German Government and Police Criticized Again for Downplaying Islamist Involvement in Antisemitic Offenses
Official German government statistics on rising antisemitism came under criticism on Wednesday, as several observers charged that the data was based on the incorrect assumption that far right activists are to blame for the vast bulk of anti-Jewish incidents in the country — despite evidence from Jewish victims indicating that Muslims influenced by Islamist and antisemitic beliefs are behind an increasing number of these outrages.
Interior Minister Horst Seehofer revealed at a press conference on Tuesday that antisemitic crimes in Germany rose by 20 percent in 2018. “This is a development that we have to confront, especially in this country,” Seehofer said, in a reference to Germany’s Nazi past.
But some reporters questioned the claim of both Seehofer and German federal police chief Holger Münch that far right activists were behind 90 percent of the antisemitic offenses.
In response, both men insisted that the police practice of automatically categorizing as “far right” those antisemitic crimes where the motives were unclear made practical sense — “otherwise there we would be the accusation that we are blind to the right,” Seehofer explained.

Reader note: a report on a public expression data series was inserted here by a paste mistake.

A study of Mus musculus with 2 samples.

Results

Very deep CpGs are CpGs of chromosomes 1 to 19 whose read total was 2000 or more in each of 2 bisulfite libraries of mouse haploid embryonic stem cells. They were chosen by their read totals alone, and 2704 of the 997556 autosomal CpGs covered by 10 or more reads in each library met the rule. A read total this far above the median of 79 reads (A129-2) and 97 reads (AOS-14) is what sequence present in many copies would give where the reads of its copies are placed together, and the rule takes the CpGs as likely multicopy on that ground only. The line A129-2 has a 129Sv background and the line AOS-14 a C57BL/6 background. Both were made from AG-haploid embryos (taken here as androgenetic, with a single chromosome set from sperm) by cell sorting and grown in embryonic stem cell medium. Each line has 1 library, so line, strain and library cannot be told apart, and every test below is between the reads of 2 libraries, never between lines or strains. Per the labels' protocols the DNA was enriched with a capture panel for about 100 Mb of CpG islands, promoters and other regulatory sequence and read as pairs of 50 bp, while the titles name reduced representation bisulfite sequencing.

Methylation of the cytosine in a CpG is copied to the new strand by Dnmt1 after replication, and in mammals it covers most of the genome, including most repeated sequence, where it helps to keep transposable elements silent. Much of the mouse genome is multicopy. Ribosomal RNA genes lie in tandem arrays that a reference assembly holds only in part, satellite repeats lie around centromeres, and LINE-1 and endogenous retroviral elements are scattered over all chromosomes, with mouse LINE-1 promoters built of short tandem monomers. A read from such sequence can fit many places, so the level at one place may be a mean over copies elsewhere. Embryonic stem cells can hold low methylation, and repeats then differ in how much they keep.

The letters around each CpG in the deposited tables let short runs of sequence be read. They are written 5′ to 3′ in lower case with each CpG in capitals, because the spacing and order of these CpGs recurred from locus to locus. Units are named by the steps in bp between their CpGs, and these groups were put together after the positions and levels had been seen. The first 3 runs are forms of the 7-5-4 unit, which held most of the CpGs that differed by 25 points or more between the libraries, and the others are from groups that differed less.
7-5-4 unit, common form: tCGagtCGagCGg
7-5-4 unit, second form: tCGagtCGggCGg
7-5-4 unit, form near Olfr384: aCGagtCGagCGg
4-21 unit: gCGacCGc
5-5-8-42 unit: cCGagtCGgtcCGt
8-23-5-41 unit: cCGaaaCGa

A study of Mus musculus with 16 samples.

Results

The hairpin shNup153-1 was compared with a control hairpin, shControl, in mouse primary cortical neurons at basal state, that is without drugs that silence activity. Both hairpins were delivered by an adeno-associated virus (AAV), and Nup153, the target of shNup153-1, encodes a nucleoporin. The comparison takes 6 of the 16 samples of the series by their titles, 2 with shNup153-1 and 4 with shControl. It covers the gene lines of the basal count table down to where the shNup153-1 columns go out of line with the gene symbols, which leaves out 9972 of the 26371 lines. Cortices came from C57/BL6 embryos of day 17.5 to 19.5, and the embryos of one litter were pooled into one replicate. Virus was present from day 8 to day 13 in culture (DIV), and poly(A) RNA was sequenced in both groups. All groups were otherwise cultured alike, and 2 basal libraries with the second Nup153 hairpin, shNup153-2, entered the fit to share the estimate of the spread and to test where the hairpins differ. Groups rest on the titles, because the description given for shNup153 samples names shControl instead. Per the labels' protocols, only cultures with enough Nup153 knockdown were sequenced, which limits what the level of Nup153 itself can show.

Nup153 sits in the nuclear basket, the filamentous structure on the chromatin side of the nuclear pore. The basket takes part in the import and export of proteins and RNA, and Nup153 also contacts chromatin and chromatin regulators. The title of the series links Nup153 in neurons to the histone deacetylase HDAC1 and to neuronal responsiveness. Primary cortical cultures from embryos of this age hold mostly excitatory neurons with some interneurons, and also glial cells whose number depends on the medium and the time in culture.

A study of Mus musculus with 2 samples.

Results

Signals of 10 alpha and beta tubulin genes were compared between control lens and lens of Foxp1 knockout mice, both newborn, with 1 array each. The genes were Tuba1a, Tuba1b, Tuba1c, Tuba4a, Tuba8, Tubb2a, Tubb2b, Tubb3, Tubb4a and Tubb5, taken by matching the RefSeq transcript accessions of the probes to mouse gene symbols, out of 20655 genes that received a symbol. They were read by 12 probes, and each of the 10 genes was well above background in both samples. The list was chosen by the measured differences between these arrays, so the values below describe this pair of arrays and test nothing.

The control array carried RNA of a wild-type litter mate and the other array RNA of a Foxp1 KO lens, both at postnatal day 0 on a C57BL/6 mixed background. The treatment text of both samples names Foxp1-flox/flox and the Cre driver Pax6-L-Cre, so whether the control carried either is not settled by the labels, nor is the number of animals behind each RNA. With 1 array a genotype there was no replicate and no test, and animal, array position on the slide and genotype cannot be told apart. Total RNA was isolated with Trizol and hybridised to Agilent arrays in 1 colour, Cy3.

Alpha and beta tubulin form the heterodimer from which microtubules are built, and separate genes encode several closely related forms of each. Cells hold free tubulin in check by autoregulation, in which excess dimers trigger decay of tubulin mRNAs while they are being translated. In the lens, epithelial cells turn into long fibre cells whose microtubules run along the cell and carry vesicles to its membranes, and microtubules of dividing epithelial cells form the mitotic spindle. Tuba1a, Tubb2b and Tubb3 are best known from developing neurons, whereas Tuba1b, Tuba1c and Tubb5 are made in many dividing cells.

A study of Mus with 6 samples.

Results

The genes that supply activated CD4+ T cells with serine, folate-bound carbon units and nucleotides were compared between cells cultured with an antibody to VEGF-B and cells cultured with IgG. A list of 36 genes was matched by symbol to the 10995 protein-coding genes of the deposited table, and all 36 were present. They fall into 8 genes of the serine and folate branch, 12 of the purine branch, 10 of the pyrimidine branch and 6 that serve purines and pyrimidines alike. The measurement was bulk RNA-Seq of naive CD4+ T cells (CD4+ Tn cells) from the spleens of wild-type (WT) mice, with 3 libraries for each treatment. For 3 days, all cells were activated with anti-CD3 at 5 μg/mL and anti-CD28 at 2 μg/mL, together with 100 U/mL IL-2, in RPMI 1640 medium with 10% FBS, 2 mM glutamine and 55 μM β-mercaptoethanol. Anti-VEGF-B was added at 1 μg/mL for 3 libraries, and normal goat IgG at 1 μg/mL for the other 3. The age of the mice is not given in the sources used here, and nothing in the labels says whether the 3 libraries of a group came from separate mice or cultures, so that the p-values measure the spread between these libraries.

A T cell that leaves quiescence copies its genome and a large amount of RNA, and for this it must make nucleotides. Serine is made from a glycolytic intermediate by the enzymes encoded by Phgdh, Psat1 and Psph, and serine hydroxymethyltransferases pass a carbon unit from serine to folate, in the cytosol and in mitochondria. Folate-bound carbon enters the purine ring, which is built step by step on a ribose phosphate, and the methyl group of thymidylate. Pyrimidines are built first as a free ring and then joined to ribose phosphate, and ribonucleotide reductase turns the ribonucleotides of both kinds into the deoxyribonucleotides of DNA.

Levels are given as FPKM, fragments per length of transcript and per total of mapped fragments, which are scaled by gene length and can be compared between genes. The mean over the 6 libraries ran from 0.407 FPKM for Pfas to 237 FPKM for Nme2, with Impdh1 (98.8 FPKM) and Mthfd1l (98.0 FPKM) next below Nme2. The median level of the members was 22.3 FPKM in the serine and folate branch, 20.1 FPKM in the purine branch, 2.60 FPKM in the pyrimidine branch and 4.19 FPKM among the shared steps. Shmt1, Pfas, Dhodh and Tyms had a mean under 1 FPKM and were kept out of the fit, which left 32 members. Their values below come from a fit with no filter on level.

According the German news outlet Welt on Wednesday, “critics of the current registration method suspect that antisemitic offenses are too often classified as right-wing when no suspect is known to the police — but the crime is actually committed by a Muslim, for example.”
Mounting evidence suggests that antisemitic acts by radical Muslims have a greater profile than the German authorities seem prepared to concede. Only last week, Marcel Luthe — a member of Berlin’s state parliament for the liberal FDP Party — disclosed that up to 60 percent of antisemitic offenses in the German capital had been incorrectly blamed by police on the far right, thereby diminishing the role played by Muslim extremists and militant anti-Zionists in attacking Jewish targets.
Previous studies in recent years have reinforced the anxiety about the methods used by the German police in classifying and combating antisemitism.
An April 2017 study by a commission of independent experts reported 80 percent of the victims surveyed as saying that their assailant had been of Muslim background. A more recent survey by the EU’s Fundamental Rights Agency, issued last December, reported that more than half of the victims of antisemitic attacks said they were targeted by groups other than the far right — 41 percent identified Muslims as their attackers, with a further 16 percent saying that far left activists were the perpetrators.